The Weber number is a characteristic number used in fluid mechanics. As a dimensionless quantity, it describes the ratio between deforming inertial forces and stabilizing cohesive forces for liquids flowing through a fluid medium. For example, the Weber number characterizes the atomizing quality of a spray and the resulting droplet size when producing emulsions.
When a liquid flows through a second fluid phase (gas or liquid), then the fluid-mechanical or aerodynamic force FA causes the drops to deform and ultimately disperse.
The cohesion force FK associated with the surface tension or interfacial tension σ opposes the increase in surface area which is caused by the deformation. The drop is therefore held together by the surface or interfacial tension.
The Weber number We expresses the ratio between these two forces:
If the deforming force increases due to a higher speed or longer process length, the drops of a spray disperse more easily and drops of oil in an aqueous environment are split apart more easily. A high surface or interfacial tension counteracts this process. Surfactants, which reduce the surface tension of the liquid or the interfacial tension between the phases concerned, are therefore often used in sprays and emulsions. The same applies to extraction processes in which small droplets must ensure a large exchange surface area at the phase boundary.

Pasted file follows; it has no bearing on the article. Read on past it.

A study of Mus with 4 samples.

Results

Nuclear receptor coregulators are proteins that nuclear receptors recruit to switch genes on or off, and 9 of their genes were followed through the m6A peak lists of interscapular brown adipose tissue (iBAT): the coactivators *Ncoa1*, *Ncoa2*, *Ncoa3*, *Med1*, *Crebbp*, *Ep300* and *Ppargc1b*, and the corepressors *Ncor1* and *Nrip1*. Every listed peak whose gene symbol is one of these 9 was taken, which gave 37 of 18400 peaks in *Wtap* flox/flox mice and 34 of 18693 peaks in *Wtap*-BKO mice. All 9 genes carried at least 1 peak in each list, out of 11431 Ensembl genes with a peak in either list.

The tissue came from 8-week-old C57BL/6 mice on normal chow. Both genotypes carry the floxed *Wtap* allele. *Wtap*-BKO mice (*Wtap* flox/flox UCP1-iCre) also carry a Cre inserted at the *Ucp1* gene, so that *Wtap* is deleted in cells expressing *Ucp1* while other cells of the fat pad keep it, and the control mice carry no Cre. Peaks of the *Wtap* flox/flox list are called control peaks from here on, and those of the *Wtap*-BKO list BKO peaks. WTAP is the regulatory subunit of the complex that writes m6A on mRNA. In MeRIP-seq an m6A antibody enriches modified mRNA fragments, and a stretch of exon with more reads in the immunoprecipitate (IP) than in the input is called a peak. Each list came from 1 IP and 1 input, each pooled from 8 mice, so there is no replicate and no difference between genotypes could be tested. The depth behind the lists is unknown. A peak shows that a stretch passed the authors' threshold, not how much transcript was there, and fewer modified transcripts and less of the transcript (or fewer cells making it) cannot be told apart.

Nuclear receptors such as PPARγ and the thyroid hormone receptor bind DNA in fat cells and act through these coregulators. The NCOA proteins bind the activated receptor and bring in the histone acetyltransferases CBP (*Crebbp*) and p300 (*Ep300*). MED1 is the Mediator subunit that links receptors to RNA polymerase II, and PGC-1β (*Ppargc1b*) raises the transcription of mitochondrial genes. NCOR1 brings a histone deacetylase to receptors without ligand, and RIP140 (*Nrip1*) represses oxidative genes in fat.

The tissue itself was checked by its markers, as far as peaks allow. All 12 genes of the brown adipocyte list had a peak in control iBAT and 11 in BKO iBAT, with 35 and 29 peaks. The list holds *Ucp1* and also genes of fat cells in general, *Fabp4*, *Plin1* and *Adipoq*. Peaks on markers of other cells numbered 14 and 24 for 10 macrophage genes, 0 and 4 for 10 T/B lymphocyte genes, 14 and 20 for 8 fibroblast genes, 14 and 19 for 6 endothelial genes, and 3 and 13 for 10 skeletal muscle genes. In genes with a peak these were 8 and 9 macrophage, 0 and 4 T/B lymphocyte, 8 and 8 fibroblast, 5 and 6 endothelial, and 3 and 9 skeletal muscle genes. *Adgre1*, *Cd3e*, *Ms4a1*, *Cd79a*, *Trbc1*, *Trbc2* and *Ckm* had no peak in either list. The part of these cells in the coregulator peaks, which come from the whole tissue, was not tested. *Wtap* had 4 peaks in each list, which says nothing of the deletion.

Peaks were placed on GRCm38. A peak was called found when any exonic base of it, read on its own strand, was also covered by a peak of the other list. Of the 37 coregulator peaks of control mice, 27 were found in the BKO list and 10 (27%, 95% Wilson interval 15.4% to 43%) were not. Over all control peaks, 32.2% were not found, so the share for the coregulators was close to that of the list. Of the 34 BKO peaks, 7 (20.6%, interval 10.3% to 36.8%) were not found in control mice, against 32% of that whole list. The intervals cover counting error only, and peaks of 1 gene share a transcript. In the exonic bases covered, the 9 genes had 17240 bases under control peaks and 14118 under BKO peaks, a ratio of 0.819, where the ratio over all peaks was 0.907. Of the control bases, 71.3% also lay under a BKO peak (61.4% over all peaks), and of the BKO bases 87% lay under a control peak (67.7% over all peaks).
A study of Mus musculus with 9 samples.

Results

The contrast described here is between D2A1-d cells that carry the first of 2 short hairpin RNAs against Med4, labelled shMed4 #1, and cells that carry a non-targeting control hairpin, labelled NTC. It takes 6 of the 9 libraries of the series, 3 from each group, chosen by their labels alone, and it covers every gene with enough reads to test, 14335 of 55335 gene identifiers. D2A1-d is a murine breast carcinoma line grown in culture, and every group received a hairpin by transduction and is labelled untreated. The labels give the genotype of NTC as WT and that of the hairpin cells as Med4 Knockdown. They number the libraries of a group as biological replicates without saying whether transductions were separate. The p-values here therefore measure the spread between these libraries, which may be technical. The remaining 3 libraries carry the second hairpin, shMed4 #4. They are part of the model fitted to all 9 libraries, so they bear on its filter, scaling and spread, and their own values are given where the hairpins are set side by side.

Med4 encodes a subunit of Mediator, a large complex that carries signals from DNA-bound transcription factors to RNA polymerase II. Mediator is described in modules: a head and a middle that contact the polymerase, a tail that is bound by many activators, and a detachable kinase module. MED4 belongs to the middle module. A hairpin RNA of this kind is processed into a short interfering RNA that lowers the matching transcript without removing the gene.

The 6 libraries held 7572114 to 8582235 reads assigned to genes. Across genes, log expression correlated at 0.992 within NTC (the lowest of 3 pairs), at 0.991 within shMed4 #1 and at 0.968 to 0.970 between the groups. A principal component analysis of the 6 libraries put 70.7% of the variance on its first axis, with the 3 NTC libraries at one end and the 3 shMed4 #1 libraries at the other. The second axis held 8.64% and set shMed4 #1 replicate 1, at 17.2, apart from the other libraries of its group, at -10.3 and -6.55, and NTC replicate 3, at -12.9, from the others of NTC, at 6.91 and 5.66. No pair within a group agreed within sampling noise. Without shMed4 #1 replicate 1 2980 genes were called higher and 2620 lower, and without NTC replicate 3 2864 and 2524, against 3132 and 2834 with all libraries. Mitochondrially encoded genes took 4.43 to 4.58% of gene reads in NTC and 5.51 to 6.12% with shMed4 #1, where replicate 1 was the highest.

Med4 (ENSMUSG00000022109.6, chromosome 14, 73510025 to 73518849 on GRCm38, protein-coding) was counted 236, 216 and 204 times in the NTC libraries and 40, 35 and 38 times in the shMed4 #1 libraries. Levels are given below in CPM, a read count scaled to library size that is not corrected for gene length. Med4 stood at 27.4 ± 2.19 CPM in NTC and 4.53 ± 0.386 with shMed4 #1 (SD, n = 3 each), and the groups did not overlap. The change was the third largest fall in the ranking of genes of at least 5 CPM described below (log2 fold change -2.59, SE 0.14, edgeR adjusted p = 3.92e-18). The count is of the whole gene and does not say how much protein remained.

When calculating the Weber number, it should be taken into account that the surface or interfacial tension of surfactant solutions does not usually reach its equilibrium value due to high process speeds. The bubble pressure method is therefore often used as measuring method for surface tension, and the drop volume method for interfacial tension. These methods measure the dynamic surface tension or interfacial tension independently of surface age.